Growing up a middle child for the first ten years of my life turned me into an observer. Someone who quietly watched people and how they behaved. Being an introvert, I learned to depend on myself for entertainment as I hardly had any friends. I would make up all sort of games and the kind of imagination I had helped me create a world of my own.  My favorite game was observing people and then putting them into six groups- attention seekers, chili peppers, trying too hard, fireworks, sheep and oxygen.

Let me explain in more detail what I meant.

The “attention seekers” were the people who no matter what happened wanted attention- negative or positive. Someone could be dying, and all they cared about was how sad they were. I would chuckle and wait for the moment when the drama started, and then I would pat myself on the back and sit and watch them with a smirk on my face.
The “chili peppers” were the bossy, arrogant people, who were just straight out rude in your face- like a bully. Being the quiet dreamer at school, I encountered many of them, and I hated those people.
The next was the “trying too hard,” those people tried way too hard to please everyone, but the sadness in their own eyes was apparent. For them fitting in was the most critical thing in the world and they were too scared to show their real self.
I loved the “fireworks” people . They were straightforward and said what they believed. Once they were honest about how they felt, they looked happier and beautiful and had a special glow about themselves.
The “sheep” were the happy go lucky ones who were happy just existing. I liked them but also saw them as followers.
And the “oxygen” people were the ones who were perfect! They were my heroes. They breathed air into a room as soon as they entered, their positive energy was a source of peace for everyone around them. They were too perfect, I could never be like them.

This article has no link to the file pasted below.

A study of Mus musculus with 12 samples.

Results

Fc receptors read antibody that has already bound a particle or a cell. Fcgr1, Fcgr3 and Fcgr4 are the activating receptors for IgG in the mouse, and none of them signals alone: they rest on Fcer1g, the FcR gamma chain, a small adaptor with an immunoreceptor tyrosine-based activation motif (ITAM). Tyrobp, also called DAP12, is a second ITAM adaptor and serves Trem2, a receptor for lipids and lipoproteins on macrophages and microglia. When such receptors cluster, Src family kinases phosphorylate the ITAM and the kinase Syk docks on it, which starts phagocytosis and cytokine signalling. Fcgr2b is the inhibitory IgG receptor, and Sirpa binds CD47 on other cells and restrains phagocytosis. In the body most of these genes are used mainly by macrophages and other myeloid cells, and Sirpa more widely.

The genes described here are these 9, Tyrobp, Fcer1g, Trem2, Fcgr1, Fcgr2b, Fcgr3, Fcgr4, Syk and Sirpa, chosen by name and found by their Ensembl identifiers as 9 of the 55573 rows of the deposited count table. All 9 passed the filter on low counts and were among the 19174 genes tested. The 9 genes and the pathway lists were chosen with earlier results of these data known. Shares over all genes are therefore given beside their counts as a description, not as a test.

I know this all sounds silly, but I was judging people at an age when I had no clue  about their complexities and their paths. 

But as an adult, I have come to realize that we all have those little annoying character traits in us. All the things that bother me in others, live within me too. Sometimes when I’m at a big gathering and feel invisible the need to seek attention does pop up, but I recognize it. When someone cuts me off in a line or is wrong(in my opinion), and I want to lose my temper and the arrogance of “why me” angers me. Other times when the daily stresses of life have drained me out, and I want to sit back and let someone else take charge and just be a follower.
My question then is that, why are we so judgmental towards others if we possess the same negative traits? Why because we have learned to recognize our inner demons we accuse others who are still on the path to self-improvement? As children we are taught to judge others- don’t talk to strangers, do you want to be fat like that? you need to study or you will grow up to be homeless, wash your face before you sleep or you won’t be beautiful, etc. We learn to look at others as they are different from us yet the truth is- we are all the same. We were all placed on earth in the search for inner and outer love. We tear people down, criticize, hurt, demean and categorize them.
So today when someone upsets you, look within and ask yourself if you haven’t done something like that before. Try to erase the lines that divide us and understand that deep down we are souls in search of unconditional acceptance, unlimited understanding, and unquestionable loyalty.


  • Tami Shaikh

    MFA Creative Writing and MA in Educational Leadership

    Mom, storyteller, author, writing mentor and a student of life, who has contributed to the Huffington Post, Mind & Body Network and many other sites.